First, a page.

We often get asked, "What is a Payment Gateway?" or "How is a payment gateway different from a merchant account or a credit card processor?"
Most clients asking these questions are e-commerce merchants in need of some type of online payment integration. This means that they have a certain software or shopping cart in mind and are trying to find a way to integrate credit card processing into it.
Below is an explanation of payment gateways and how they fit into the ecosystem of credit card processing.
Payment Gateway vs. Virtual Terminal
The difference is simple: One is used by computer programs, the other is used by humans. Both have the same purpose: to accept an incoming credit card transaction and process it.
A Virtual Terminal is a user-interface (often web-based) that allows merchants to login and manually process a credit card payment. It is great for humans, but not made for programs to interact with.
A payment gateway (sometimes referred as a payment API or RESTful API) is a specific URL that has no user-interface, but is designed to receive an incoming transaction message.
Merchant Account + Payment Gateway = Most Credit Card Processors
Most credit card processors, including Helcim, offer their e-commerce clients both the merchant account and the payment gateway service together. The few processors that don't have their own payment gateway will often resell a third-party payment gateway service as part of their buddle. That's because an e-commerce merchant account without a payment gateway is useless, as the merchant account has no means of receiving transactions.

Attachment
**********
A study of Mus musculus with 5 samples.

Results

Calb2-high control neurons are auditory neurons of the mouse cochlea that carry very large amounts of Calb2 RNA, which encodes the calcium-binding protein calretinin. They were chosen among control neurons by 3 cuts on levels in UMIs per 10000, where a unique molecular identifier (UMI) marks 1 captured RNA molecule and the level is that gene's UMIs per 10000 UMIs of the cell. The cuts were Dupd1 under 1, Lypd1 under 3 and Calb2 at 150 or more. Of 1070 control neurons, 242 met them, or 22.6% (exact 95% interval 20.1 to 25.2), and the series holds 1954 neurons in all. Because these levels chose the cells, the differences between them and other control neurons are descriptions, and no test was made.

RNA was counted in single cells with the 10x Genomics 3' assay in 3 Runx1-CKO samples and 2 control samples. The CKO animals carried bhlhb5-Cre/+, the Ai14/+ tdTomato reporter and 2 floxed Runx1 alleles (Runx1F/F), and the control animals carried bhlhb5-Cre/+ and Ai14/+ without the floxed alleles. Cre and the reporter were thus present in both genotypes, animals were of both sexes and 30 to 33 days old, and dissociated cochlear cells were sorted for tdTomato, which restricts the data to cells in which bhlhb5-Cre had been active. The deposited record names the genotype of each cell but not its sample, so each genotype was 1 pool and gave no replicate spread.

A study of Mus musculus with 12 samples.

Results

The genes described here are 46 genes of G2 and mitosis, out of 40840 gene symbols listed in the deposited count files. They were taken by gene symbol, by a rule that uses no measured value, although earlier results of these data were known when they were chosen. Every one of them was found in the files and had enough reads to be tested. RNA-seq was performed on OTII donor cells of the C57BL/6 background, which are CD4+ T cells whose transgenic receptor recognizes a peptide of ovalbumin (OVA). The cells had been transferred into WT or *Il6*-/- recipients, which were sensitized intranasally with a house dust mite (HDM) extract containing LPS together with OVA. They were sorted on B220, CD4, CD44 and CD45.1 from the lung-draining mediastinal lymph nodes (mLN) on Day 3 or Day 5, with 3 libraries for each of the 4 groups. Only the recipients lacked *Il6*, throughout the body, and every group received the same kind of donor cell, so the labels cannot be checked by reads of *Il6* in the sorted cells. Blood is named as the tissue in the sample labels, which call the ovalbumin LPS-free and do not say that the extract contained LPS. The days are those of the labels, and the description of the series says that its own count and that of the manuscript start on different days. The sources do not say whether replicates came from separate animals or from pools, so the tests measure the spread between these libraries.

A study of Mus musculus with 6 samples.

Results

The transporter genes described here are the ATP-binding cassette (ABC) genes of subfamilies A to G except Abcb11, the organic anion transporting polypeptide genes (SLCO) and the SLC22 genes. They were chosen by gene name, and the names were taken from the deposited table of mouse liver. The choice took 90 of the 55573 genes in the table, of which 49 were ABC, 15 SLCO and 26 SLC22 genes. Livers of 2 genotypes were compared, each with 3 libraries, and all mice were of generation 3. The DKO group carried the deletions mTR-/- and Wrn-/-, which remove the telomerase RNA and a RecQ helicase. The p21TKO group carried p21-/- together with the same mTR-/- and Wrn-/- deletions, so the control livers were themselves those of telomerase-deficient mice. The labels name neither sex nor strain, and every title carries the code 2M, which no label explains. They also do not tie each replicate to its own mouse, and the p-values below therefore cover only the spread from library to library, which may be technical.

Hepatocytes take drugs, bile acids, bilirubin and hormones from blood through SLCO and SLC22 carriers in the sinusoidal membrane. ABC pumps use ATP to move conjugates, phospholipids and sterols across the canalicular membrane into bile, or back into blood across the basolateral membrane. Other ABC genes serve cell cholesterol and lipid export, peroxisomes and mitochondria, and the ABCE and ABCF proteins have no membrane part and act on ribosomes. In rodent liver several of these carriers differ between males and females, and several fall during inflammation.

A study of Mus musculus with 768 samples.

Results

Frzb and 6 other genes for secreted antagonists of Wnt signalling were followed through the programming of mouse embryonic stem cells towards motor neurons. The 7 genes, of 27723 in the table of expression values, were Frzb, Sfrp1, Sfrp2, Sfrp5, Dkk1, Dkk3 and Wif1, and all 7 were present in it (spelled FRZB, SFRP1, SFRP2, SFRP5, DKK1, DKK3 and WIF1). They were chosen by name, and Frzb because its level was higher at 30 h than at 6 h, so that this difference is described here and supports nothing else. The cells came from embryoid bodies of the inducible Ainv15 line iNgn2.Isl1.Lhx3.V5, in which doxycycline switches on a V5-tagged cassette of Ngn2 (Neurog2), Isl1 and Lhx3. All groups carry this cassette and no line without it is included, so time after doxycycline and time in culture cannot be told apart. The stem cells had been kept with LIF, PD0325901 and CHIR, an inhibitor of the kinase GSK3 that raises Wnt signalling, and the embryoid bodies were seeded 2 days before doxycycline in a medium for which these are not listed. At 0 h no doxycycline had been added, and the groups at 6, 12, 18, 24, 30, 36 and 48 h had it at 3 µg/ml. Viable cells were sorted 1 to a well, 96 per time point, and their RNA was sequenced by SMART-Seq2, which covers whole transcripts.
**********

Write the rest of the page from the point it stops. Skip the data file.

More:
What is a Payment Gateway-Only Service?
Some companies such as Authorize.NET and Cybersource are referred to as "payment gateway-Only" service providers. This means that they offer their payment gateway service without the merchant account portion. So why would you pay for a payment gateway-only service? There are some instances that require it:
The software or shopping cart you are using is not compatible with your processor's payment gateway but is compatible with a payment gateway-only service. This is a common usage of Authorize.NET, being the most commonly integrated payment gateway.
No Processor Payment Gateway
The provider does not have their own payment gateway. These merchant account providers will rely on reselling third-party payment gateways instead of developing their own payment gateway.
The built-in payment gateway offered by your credit card processor does not have all the features you need. Some payment gateway-only service providers offer features such as card-tokenization and advanced fraud-protection that are beyond what most regular payment gateways offer.
The main downside of using a payment gateway-only service is that the merchant incurs fees from both the credit card processor and the payment gateway company. However, for some merchants the benefits of the seamless payment integration warrant the additional costs.
Why isn't Payment Integration Simpler?
Everyone wants to do things their own way. There are dozens of acquiring banks, hundreds of credit card processors and thousands of various software and shopping carts, each with their own unique API formats.
The message structures are different (e.g. xml vs POST array), the required fields are different and even the variable names vary greatly. With no standardized formats, it is the payment gateway's mission to navigate these waters and properly translate the data.
Is my Software or Shopping Cart Compatible with my Credit Card Processor?
The easiest way to find out is to search for the software name followed by the words payment gateway, such as "Mal's E-commerce payment gateways". Most software providers will have a web page dedicated to listing all the payment gateways they've integrated. If your desired credit card processor isn't listed, look for generic payment gateways such as Authorize.NET and find out if your processor supports these.